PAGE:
KANSAS CITY, Mo. — Erin Burroughs knocked on the door and waited and then knocked again. No answer. She retraced her steps down the porch stairs but said she doubted anyone was home.
“C’mon people,” she said. “We are here to help you. Honest to God, we are here to help you.”
Undeterred, Burroughs hurried to the next house on East 28th Street, trying to spread the word about the potential benefits of the federal health-reform law.
Her turf was a neighborhood where nearly a third of the families live below the federal poverty level, according to 2011 census data.
A volunteer from Independence, Mo., Burroughs was part of a nine-person team deployed last weekend by Communities Creating Opportunity (CCO), a faith-based organization headquartered in the city. The crew included CCO staff.
Since mid-October, the organization has gone door-to-door on Saturdays in some of the most economically challenged ZIP codes in the city. According to CCO, these also are neighborhoods where life expectancy is far below that in better-off parts of the city.
“Those conversations that we have at the doors are some of the most meaningful conversations that we can have with people,” said Kathryn Evans, a community organizer with CCO.
The team members tell residents about the options under the Affordable Care Act, she said, but they also seek to mobilize citizens for future campaigns to improve wellbeing in the neighborhoods.
The CCO contact, Kathryn Evans, can be reached at 816-866-5358 or at Kathryn@cco.org
The Health Forward contact, Mindy Brissey, can be reached at 573-340-5670 or at firstname.lastname@example.org
Officials with the Health Forward Foundation (Health Forward) said door-to-door work is also part of a $700,000 plan they’re pursuing to support the health insurance component of the Affordable Care Act. The foundation’s service area includes six counties in Missouri and Kansas.
Uninsured and the ‘coverage gap’
The health-reform law, commonly known as Obamacare, provides subsidies for eligible households to purchase health insurance through online marketplaces.
Nearly one in five Kansas City residents is uninsured, and the health-reform law provides subsidies to people with incomes between 100 percent and 400 percent of the federal poverty level, or $23,550 to $94,200 annually for a family of four).
The Kaiser Family Foundation estimates that 161,000 Kansas residents and 386,000 Missouri residents are eligible for health insurance subsidies through the marketplace.
Under Obamacare, the federal government has pledged to pay at least 90 percent of the cost of newly eligible recipients in states that expand Medicaid eligibility to include people making up to 138 percent of the federal poverty level, or $31,322 for a family of four).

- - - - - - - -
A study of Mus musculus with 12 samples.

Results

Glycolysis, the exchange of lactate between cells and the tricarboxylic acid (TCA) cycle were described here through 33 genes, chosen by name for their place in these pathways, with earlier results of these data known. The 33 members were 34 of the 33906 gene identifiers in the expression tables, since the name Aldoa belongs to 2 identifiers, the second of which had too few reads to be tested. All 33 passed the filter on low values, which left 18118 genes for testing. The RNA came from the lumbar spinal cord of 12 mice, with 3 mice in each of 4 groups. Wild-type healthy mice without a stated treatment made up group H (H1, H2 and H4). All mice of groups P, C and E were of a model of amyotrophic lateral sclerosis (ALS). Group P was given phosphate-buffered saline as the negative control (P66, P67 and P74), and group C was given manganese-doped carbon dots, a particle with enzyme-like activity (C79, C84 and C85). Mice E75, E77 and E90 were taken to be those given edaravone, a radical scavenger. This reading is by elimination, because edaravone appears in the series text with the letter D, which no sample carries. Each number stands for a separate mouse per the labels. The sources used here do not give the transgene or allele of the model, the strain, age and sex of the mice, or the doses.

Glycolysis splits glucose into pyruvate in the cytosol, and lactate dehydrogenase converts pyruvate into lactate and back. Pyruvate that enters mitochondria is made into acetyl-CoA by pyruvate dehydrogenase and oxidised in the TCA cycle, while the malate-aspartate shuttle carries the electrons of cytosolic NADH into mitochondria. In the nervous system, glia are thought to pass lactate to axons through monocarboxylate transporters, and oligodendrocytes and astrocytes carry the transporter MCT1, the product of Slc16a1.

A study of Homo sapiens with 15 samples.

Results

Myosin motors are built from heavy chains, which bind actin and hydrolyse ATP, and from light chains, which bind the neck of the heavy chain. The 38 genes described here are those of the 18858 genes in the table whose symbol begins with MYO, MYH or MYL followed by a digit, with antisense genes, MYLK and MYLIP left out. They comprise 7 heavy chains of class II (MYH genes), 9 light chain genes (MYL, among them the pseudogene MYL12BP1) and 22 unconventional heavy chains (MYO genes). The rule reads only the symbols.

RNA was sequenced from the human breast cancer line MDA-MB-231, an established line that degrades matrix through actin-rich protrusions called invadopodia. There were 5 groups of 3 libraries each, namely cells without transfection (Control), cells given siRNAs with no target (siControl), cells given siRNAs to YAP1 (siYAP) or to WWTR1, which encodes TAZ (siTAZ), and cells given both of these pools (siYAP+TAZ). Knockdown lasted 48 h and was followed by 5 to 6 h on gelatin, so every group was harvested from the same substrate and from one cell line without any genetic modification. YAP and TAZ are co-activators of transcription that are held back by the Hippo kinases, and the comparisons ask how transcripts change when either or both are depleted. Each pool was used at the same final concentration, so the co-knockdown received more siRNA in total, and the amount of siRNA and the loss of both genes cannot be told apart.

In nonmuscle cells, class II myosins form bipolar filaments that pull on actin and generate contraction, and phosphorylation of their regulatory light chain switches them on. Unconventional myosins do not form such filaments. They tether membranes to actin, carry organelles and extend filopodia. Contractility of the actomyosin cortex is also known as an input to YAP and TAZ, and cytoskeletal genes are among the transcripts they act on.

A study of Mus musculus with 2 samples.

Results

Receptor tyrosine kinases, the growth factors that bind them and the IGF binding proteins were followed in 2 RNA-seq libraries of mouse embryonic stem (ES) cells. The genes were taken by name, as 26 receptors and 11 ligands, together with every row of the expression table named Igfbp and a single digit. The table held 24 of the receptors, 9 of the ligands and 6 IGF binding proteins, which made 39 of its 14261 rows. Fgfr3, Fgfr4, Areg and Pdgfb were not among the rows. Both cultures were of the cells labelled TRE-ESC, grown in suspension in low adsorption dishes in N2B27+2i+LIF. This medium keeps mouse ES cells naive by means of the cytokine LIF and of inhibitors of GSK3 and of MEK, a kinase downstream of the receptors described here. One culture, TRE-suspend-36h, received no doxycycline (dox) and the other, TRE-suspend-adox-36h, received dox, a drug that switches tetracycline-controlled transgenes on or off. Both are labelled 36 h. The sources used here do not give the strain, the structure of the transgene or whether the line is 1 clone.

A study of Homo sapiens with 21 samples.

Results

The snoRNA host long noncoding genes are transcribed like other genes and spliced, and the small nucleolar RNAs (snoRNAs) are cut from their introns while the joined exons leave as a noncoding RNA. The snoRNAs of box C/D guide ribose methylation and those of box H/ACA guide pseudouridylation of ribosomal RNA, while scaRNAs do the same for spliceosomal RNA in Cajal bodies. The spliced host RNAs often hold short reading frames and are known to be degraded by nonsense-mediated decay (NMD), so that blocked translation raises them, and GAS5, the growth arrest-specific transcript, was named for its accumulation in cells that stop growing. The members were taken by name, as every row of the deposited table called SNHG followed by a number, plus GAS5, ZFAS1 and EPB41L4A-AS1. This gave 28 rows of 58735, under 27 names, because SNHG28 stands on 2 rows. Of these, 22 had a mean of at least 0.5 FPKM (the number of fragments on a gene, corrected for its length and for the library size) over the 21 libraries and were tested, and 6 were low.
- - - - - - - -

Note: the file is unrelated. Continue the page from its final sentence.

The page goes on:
According to the foundation, about 5.2 million Americans will fall in the so-called “coverage gap,” where they neither qualify for health insurance subsidies nor for their state’s Medicaid program under current eligibility guidelines. Of those, approximately 271,000 live in Missouri or Kansas.
Donna Young of Blue Springs was among the volunteer canvassers with CCO on Saturday.
A mother of five, and a health sciences student at the University of Missouri-Kansas City, Young said she grew up in an uninsured household in Kansas City, Kan.
Her first trip to the dentist was at age 22, when she finally had employer-based health insurance.
Young said her message at the doorsteps was that the residents have a voice and the power to push for changes such as the expansion of Medicaid. For now, neither Kansas nor Missouri policymakers have opted to expand the program.
“Every individual I talked to was very appreciative, very vocal, about saying, ‘Hey, we thank you guys for being out here with us and having these conversations. It’s amazing you are out here in our neighborhood,’” Young said. “So obviously, hearing those words is really, really wonderful.”
Lots of knock
CCO officials said they hope is to hit about 5,000 doors by the time the open enrollment period for the health insurance marketplace closes at the end of March.
Health Forward officials said they have a goal of knocking on 60,000 doors between the first of December and the end of open enrollment.
In coordination with CCO, the foundation expects to use a mix of volunteers and professional canvassers. Program Officer Jessica Hembree said the foundation expected to turn over a door-knocking database to CCO for future organizing activities.
Dr. Bridget McCandless, Health Forward chief executive, said she hoped the doorstep conversations could be that “first essential step in having (residents) move from, ‘I know about insurance,’ to ‘I have to do something about insurance.’”
At one of the homes CCO visited Saturday, it was the Medicaid expansion that seemed to resonate with housemates Andrew James and Wilson Domec.
James said he was an uninsured handyman when he had a heart attack four years ago while also dealing with mini-strokes that felt like gunshots going off in his head.
He’s on Medicaid now, he said, thanks to a friend’s persistence in getting him signed up. It’s a good thing, too, he said, because he’s now dealing with cataracts.
Domec is not as fortunate. He said he couldn’t work construction anymore because of his lung condition.
Medicaid coverage would provide some welcome peace of mind, he said, so if something happened to him, “I would not be set out to die somewhere.”